What do Mikhail Gorbachev and Margaret Thatcher have in common? If you believed everything you read on Twitter, it would be that they'd both recently died. But you don't blindly believe Twitter rumors, right?
You shouldn't, because rumors of major news events, which can quickly turn into trending topics whether or not there's any truth to them, are among scammers' favorite ways of spreading malware or redirecting eager readers to harmful sites.
Graham Cluley from the security firm Sophos spotted the Gorbachev death rumor; the tweets that claim the former Soviet statesman died appear to come from the Twitter feed of Fredrik Reinfeldt, the Prime Minister of Sweden. Cluley said the account in Reinfeldt's name was created just an hour before the tweet was sent.
While the Gorbachev rumor was just that, it's not uncommon for Twitter scammers to spread false information about celebrities and politicians in the hopes your curiosity will get the best of you and you'll click on whatever link they include in the post. Earlier this month, a similar scam hit the social network claiming that former British Prime Minister Margaret Thatcher had died.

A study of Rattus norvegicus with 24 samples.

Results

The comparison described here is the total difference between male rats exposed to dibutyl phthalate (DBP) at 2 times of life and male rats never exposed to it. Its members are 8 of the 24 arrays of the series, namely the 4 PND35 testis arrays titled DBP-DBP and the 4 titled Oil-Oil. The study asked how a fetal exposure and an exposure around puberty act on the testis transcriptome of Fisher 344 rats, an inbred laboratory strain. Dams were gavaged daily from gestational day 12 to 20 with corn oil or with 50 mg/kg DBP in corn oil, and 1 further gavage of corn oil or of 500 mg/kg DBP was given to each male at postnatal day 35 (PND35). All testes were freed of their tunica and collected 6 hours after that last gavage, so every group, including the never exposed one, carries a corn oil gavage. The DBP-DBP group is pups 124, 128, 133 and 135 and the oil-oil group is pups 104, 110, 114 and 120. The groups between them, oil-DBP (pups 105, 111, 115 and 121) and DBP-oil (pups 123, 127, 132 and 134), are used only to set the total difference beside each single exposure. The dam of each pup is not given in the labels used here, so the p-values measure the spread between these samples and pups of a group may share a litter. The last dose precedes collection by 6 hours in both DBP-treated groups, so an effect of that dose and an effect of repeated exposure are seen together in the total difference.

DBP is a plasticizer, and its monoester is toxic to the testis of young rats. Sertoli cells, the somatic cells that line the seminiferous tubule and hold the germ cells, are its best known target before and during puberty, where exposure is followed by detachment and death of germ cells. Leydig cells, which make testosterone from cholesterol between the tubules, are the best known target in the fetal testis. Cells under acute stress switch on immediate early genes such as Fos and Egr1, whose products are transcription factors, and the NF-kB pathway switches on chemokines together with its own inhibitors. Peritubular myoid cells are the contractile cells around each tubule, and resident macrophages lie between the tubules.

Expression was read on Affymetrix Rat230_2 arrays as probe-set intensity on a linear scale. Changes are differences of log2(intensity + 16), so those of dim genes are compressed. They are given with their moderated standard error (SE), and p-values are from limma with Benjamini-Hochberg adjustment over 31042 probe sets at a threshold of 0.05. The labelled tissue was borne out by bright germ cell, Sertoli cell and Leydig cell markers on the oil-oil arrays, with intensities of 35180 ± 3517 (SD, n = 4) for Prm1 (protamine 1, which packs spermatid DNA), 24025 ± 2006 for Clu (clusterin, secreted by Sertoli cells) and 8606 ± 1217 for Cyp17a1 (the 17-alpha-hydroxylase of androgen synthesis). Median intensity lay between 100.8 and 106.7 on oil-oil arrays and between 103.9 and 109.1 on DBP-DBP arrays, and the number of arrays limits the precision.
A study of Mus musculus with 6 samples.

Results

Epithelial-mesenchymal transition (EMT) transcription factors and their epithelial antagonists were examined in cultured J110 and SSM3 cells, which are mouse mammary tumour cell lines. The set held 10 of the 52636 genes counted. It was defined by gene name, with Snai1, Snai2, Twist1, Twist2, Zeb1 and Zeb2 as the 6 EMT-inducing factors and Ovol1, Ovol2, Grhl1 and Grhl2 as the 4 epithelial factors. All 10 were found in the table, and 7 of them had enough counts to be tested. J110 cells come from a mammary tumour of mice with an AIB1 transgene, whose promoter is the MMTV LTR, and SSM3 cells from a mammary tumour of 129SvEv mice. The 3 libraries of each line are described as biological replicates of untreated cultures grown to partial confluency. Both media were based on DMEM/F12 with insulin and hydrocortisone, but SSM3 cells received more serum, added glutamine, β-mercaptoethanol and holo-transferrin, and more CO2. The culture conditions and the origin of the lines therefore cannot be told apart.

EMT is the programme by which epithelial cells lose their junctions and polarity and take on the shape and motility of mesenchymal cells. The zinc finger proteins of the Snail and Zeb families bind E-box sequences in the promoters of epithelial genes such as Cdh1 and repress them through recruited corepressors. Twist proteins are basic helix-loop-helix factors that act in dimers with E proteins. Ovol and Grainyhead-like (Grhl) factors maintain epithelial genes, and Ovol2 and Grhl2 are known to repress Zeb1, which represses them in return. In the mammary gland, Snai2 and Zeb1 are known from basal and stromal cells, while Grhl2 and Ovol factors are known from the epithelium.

In the event of any major breaking news, always go directly to a legitimate news source's website rather than clicking on a link in a Twitter post, which could redirect you to any number of compromised Web pages.
This particular hoax, it turns out, may have been the work of Tommaso de Benedetti, an Italian schoolteacher and notorious prankster who has recently impersonated Afghan president Hamid Karzai and Syrian President Bashar al-Assad on the social network.
In an interview with The Guardian, de Benedetti said he spreads death rumors simply to expose how unreliable social media is, and how blindly major news outlets trust it.
"Social media is the most unverifiable information source in the world, but the news media believes it because of its need for speed," de Benedetti said.